Azolla is a genus of aquatic ferns that can have an important role in a garden. Azolla filiculoides or ‘Red Azolla’ is the most common species around here, but the rest are pretty similar.

What makes it good for gardens?

Azolla is simple to grow – just water and sunlight is enough, though it does like a few nutrients too.

Azolla can double its mass in 3 days! Wow! that’s really important because it can easily supply us with a lot of organic material. Of course, conditions apply…in non-perfect conditions, it can take longer, maybe up to two weeks. This means you have to buy less mulch or compost for your garden.

Azolla ferns also plays symbiotic host to a species of bacteria that fixes nitrogen from the atmosphere (and I suppose the water too). Fixing nitrogen into the biomass means a more nutritious addition to your garden mulch.


Prolific and fast growing

Azolla is rich in protein (25 – 30% dry weight!), amino acids and minerals such as iron, calcium, phosphorous, potassium, copper and magnesium. It’s also low in carbohydrates and contains Omega 3 Fatty Acids. People can eat it (yuck!) but it’s best fed to pets and livestock. Our chickens love it in Summer but tend to go off of it in the colder weather. The rabbits will eat it willingly, especially if a handful is mixed with their usual feed.

Worms love it too, especially when it’s added to worm farms in Summer. They can go to work on the bacteria straight away while the rest breaks down.

We had two plastic tubs in which we grew our Azolla. Over time though, we grew to love using it so much that it now has a dedicated tub in the aquaponics.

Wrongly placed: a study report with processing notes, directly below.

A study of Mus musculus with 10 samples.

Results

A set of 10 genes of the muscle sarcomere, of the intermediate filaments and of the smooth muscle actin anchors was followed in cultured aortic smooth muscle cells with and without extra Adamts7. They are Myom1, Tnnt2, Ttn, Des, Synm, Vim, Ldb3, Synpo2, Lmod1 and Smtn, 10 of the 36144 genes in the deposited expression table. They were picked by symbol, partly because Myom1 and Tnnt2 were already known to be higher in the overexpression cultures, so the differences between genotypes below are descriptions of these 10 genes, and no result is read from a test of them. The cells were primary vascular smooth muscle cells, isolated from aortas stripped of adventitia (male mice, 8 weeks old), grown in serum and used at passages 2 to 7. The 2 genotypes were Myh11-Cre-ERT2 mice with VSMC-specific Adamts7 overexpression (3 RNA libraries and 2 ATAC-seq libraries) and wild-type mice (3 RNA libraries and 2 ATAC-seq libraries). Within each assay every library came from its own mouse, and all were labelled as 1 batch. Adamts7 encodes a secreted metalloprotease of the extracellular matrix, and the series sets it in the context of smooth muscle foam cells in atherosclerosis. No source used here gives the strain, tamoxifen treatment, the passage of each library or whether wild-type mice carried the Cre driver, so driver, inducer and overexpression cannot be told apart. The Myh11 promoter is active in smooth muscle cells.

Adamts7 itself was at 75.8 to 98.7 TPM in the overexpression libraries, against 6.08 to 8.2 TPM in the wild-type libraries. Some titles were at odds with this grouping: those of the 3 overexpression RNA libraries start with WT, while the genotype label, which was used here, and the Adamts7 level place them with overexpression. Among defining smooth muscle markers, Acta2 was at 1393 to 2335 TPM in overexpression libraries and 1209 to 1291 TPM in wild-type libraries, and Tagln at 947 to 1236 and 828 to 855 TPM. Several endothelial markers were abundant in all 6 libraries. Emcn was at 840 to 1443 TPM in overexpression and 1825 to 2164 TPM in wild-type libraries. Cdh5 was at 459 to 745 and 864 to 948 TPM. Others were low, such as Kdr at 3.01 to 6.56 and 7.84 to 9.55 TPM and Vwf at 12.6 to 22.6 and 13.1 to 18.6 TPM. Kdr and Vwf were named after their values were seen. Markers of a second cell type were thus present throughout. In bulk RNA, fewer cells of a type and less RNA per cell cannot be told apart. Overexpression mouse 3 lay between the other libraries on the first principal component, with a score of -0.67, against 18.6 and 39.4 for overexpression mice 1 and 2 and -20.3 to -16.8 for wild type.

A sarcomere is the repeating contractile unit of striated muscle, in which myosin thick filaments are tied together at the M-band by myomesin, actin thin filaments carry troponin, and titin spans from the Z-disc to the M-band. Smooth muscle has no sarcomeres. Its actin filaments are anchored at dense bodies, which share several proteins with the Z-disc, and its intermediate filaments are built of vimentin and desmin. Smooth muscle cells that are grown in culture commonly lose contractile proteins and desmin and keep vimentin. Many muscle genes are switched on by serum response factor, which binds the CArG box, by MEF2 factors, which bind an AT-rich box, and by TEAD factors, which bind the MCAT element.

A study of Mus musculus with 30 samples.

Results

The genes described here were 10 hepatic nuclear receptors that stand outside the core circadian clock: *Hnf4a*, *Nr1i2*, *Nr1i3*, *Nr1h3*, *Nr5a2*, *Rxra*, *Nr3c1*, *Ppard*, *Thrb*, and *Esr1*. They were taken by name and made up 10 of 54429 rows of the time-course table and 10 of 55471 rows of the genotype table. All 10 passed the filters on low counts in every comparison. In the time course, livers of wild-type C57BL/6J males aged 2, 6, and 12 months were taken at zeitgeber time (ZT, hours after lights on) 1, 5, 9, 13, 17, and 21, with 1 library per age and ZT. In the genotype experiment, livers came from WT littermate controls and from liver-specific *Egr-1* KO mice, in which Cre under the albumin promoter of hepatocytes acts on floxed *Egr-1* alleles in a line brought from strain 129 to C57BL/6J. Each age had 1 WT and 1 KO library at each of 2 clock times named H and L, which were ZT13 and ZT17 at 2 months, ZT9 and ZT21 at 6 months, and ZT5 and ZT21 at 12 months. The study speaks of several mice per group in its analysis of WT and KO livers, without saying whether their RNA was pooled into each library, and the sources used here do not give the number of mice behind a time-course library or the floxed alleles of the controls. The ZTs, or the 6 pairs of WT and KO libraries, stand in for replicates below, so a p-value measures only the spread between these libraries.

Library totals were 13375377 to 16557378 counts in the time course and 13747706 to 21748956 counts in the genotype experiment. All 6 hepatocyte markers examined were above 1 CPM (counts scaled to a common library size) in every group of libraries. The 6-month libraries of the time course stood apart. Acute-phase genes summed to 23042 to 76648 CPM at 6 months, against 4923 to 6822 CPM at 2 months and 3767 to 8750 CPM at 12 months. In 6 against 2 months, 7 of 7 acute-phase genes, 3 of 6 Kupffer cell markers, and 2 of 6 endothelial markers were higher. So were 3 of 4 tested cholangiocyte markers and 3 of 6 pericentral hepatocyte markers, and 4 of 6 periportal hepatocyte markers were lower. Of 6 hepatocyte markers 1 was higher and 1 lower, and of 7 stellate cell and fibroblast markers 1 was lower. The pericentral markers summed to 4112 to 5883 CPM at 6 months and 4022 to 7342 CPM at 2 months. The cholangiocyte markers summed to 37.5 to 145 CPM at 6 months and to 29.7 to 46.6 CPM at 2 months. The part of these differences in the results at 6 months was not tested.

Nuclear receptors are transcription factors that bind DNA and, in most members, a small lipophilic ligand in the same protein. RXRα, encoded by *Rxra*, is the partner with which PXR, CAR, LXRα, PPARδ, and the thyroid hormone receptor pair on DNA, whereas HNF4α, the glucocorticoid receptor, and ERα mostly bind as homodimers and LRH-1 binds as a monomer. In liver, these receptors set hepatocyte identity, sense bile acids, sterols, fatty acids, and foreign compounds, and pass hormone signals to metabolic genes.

You don’t need much water to grow it, we grow ours about 2 cm, that’s all.We don’t get many mosquitoes growing in the tubs because the dense growth seems to provide a barrier to them. There are usually a couple around, but nowhere near the amount I was expecting. As a precaution, though, we grow it away from the house.

The occasional addition of a little urine, worm wee, or Seasol gives it the nutrients that it needs to thrive.

Propagation is dead easy as well. Just grab a handful and put it in a new container of water with a little fertilizer mixed in. You could be surprised by the speed at which it covers the water’s surface.


Azolla is an aquatic fern

To use it in the garden, just apply handfuls directly to where you want it to go. You could dig it in too, but I’m too lazy to do that! Big handfuls of it around potted plants make for an water laden, insulating blanket that breaks down quickly to release its nutrients.

To feed it to your animals, just give it to them directly, the individual plants are small enough for chickens to eat and large enough for rabbits and goats and the like.

Azolla is such a big deal when it comes to sustainable farming that there’s a foundation dedicated to it, The Azolla Foundation. There’s also an organisation in the Philippines that promotes its use, it’s called Azolla Philippines.